Movie & Television Show Reviews

An Unfamiliar Side To The Marvel Cinematic Universe | “Moon Knight” Season 1: Episode 1 “The Goldfish Problem” Review

Before we begin, a quick note: I am not an expert on dissociative identity disorder, and I don’t pretend to be. So I apologize in advance for any faux pas made here and know that I will make an effort to rectify my ignorance moving forward.

I’m not gonna lie, I forgot this show premiered. While I’ve seen some of the promotional stuff, I didn’t feel obligated to see it. But while I realized out of the blue that this show was now on Disney+, I figured I’d give it a watch.

Oscar Isaac plays Steven Grant, a museum worker who suffers from dissociative identity disorder (DID). One night after going asleep, he wakes up in another country, and meets an enigmatic figure named Arthur Carrow (Ethan Hawke). After a chase across the country, Steven wakes up and finds a series of changes-his goldfish regained a fin, he had been asleep for days, and is being chased by a jackal monster and connected with a mysterious figure named Layla (May Calamawy). Carrow visits Stephen at work and reveals that he is in service to the Egyptian goddess Ammit. As the jackal monster returns, Grant lets the strength of an alter ego, Marc Spector, take over and he takes power as the eponymous Moon Knight.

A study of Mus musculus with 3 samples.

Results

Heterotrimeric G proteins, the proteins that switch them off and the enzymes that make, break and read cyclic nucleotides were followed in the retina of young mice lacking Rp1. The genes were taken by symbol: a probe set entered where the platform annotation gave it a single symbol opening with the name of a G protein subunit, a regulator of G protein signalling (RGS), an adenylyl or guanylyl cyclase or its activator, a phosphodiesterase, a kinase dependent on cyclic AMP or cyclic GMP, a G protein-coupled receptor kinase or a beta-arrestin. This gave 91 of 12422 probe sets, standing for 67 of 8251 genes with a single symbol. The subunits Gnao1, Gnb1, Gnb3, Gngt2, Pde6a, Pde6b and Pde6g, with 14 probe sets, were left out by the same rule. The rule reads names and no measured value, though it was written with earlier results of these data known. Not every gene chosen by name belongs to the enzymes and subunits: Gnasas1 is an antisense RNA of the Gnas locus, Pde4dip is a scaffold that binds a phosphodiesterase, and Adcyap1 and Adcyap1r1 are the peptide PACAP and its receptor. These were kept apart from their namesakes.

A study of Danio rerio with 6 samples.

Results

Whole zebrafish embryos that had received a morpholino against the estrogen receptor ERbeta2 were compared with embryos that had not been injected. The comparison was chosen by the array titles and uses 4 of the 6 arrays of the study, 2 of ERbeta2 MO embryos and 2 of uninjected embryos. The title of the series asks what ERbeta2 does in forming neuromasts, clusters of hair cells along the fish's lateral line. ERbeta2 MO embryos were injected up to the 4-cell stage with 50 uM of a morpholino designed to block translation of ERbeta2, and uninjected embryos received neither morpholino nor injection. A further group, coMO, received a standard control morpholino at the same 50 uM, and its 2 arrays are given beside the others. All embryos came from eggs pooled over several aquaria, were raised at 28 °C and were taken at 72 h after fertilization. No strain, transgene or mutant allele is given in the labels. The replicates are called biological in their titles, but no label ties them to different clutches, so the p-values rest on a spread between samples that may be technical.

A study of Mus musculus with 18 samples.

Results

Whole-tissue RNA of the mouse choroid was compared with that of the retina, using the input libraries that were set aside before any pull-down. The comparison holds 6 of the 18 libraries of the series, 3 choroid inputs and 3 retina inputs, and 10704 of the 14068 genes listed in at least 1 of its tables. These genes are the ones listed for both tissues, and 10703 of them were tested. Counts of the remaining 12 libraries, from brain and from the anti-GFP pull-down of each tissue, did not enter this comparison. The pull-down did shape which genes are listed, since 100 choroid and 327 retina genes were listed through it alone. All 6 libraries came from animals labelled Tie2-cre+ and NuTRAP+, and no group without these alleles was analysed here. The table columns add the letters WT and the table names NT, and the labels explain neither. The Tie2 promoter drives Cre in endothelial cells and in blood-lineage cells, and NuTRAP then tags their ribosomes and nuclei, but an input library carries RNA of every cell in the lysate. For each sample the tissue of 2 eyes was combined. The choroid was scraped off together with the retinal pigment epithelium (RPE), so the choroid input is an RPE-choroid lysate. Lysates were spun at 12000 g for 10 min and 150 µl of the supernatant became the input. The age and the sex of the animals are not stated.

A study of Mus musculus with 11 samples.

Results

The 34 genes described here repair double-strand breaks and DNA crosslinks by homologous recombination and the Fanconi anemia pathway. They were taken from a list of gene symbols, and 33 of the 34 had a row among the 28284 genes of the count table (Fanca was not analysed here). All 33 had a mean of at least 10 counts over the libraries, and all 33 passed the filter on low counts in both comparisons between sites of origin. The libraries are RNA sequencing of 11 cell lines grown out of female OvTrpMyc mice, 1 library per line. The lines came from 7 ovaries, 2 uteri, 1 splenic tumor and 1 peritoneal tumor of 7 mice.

The principal cast has been set up and there’s a lot promising here. Oscar Isaac is an amazing actor and here, he seems to do good in the role so far. He balances himself and Marc Spector perfectly; it reminds me of Toni Collette’s performance in United States of Tara. I’m also intrigued with Ethan Hawke. He plays the character as those cult leaders whose calm demeanor hides the motivation and cause. Both have a promise that I’m hoping to see more from them.

Another thing that works in the show’s favor is the action sequences. The shots are cut at climactic points-leaving Steven and the audience in suspense with the holes in between. But whatever action we get is intense and choreographed smoothly. And when we finally see the Moon Knight in action, it’s a brilliant teaser for the rest of the series.

I’m not familiar with the character or Egyptian mythology, but this was a solid introduction to both. The cast is shows promise, and the action and editing is compelling and makes the show addictive. It has done it’s wonders on a newcomer like me.